If you or someone you love has been the victim of a Chicago truck crash, you may be wondering about truck driver negligence and truck driver requirements. Contact an Illinois truck accident attorney who can help you file a personal injury claim in the wake of a truck accident.
There are very specific federal requirements for truck drivers which are meant to ensure safety on the road. These regulations may play a role in your truck accident claim in the event that a driver violated federal regulations leading up to your truck accident.
Trucking Regulations: The Driving of Commercial Motor Vehicles
Listed below are some of the areas covered by federal regulations in the driving of commercial motor vehicles:
- Ill or fatigued operator;
- Drugs/Other substances;
- Prohibition of alcohol;
- Speed limits and schedules;
- Caution in hazardous conditions;
- Using seat belts;
- Emergency signals; and
- Flame producing devices.
Listed below are a few strictly prohibited practices:
- Taking on board any unauthorized persons;
- Towing or pushing; and
- The use of radar detectors.
Trucking Regulations: Parts/Accessories Needed for Safe Operation
There are federal regulations for parts and accessories needed to ensure safe operation of a commercial motor vehicle. Some of them include:
- Use of lamps and reflective devices;
- Hazard warning signals;
- Brake systems;
- Warning signals;
- Tires (in good repair);
- Windshield wiping and washing systems;
- Rear-vision mirrors; and
The absence of any of these parts can lead to a serious truck accident and may constitute negligence on behalf of a trucking company or truck driver.
Trucking Regulations: Inspection, Repair and Maintenance
Regulations for the inspection, repair, and maintenance of commercial motor vehicles include:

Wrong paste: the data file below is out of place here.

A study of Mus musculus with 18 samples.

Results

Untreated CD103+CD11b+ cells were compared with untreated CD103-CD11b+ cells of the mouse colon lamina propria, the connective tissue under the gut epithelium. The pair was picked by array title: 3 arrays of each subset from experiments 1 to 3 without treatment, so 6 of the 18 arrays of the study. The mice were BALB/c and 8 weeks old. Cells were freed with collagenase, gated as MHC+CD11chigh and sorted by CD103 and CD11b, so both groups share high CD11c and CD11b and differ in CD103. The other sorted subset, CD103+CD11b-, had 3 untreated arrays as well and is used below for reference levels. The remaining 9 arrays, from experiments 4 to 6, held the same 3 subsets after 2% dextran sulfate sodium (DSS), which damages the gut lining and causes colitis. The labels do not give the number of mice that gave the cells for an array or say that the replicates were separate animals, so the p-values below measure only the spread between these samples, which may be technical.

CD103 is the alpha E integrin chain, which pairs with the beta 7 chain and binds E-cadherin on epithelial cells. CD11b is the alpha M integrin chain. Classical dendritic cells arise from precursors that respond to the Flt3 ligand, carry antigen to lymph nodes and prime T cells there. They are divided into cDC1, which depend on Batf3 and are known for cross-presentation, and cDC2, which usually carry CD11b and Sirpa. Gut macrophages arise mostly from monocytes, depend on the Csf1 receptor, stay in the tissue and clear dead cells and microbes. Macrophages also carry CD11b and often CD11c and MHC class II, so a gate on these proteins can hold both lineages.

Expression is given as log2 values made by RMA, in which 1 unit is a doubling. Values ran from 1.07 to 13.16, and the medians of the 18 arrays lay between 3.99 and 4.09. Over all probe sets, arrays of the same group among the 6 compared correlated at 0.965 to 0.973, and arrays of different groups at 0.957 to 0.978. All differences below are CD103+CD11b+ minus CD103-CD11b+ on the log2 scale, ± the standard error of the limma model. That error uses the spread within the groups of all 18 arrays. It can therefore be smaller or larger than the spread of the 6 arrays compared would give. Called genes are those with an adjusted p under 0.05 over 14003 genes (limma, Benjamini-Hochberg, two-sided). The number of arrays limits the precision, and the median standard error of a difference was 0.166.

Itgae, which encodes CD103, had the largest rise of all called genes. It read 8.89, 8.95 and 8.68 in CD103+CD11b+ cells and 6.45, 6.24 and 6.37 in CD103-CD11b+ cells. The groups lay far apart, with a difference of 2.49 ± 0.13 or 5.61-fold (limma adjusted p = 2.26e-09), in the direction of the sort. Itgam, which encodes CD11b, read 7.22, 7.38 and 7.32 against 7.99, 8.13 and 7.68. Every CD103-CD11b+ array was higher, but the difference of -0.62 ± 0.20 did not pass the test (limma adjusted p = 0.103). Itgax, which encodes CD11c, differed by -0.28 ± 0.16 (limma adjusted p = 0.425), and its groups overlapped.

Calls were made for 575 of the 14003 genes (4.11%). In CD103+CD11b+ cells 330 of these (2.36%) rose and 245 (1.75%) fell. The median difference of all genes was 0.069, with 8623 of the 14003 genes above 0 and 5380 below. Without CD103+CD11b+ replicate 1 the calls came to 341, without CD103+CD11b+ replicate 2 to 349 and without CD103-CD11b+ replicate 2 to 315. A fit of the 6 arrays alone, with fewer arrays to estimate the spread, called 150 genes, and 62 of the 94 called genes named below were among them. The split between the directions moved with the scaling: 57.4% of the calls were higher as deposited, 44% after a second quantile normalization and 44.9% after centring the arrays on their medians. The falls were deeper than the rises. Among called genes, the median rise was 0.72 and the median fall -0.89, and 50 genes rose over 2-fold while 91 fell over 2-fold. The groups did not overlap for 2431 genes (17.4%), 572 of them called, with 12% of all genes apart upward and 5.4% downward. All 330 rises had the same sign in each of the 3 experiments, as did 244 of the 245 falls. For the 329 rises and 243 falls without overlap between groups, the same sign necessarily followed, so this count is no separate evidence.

- Ensuring all parts are in good working order;
- Inspection of driver/driver vehicle;
- Qualifications of inspector(s); and
- Recordkeeping requirements.
Trucking Regulations: Ill or Fatigued Drivers
Ill or fatigued truck drivers are not permitted to operate a commercial motor vehicle if:
- Impairment exists in driver’s alertness or ability; and/or
- Driver is likely to become impaired because of illness, fatigue or any other cause.
In either of these cases if safety is a factor, then a driver must not continue to operate the commercial motor vehicle. If, however, there is a situation where a hazard to others would be increased by complying with these regulations, then a driver is allowed to continue operation of the commercial motor vehicle until they are able to get to the nearest place in which the hazard is removed.
Truck Driver Regulations: Hours of Service
Regulations exist for hours of service for truck drivers:
- Maximum driving time;
- Driver’s record of duty status/declared out of service; and
- Automatic on-board recording devices.
If a driver were to violate these federal trucking regulations-for instance by exceeding the maximum driving time-your Chicago truck accident lawyer may be able to use evidence of this negligence while building your truck accident claim.
Truck Driver Regulations: Hours of Service (HOS)
There are regulations that limit when and how long the driver of a commercial motor vehicle may drive. These regulations are in place to ensure that drivers are able to safely operate their vehicles.
Final Rule on Hours of Service (HOS)
The final rule on hours of service, which became effective January 19, 2009, are that a driver can drive a commercial vehicle-such as a semi truck-up to 11 hours within a 14 hour, non-extendable window from the start of the driver’s workday. This must come after spending at least 10 consecutive hours off duty.
Drivers can restart calculations of the weekly on-duty limits after having at least 34 consecutive hours of being off duty. This is known as the 34-hour restart.
Truck Driver Regulations: Common Questions
- Do HOS regulations apply to intrastate commerce? No, intrastate commercial vehicle regulations fall under the jurisdiction of each state.
- What are some of the penalties for violating HOS? Penalties can include a driver being shut down roadside, all the way to being fined.
- Can a driver be called after 8 hours of being off-duty to report to work 2 hours later? Yes, since the regulations don’t control communications between drivers and motor carriers, however, a driver is not required to drive during the 10 hours of being off-duty.
When truck driver requirements are followed the roads become safer. Unfortunately, not all truck drivers or trucking companies adhere to federal trucking regulations and truck driver negligence can lead to a serious accident. If you have been involved in a Chicago truck crash contact a Chicago truck accident lawyer.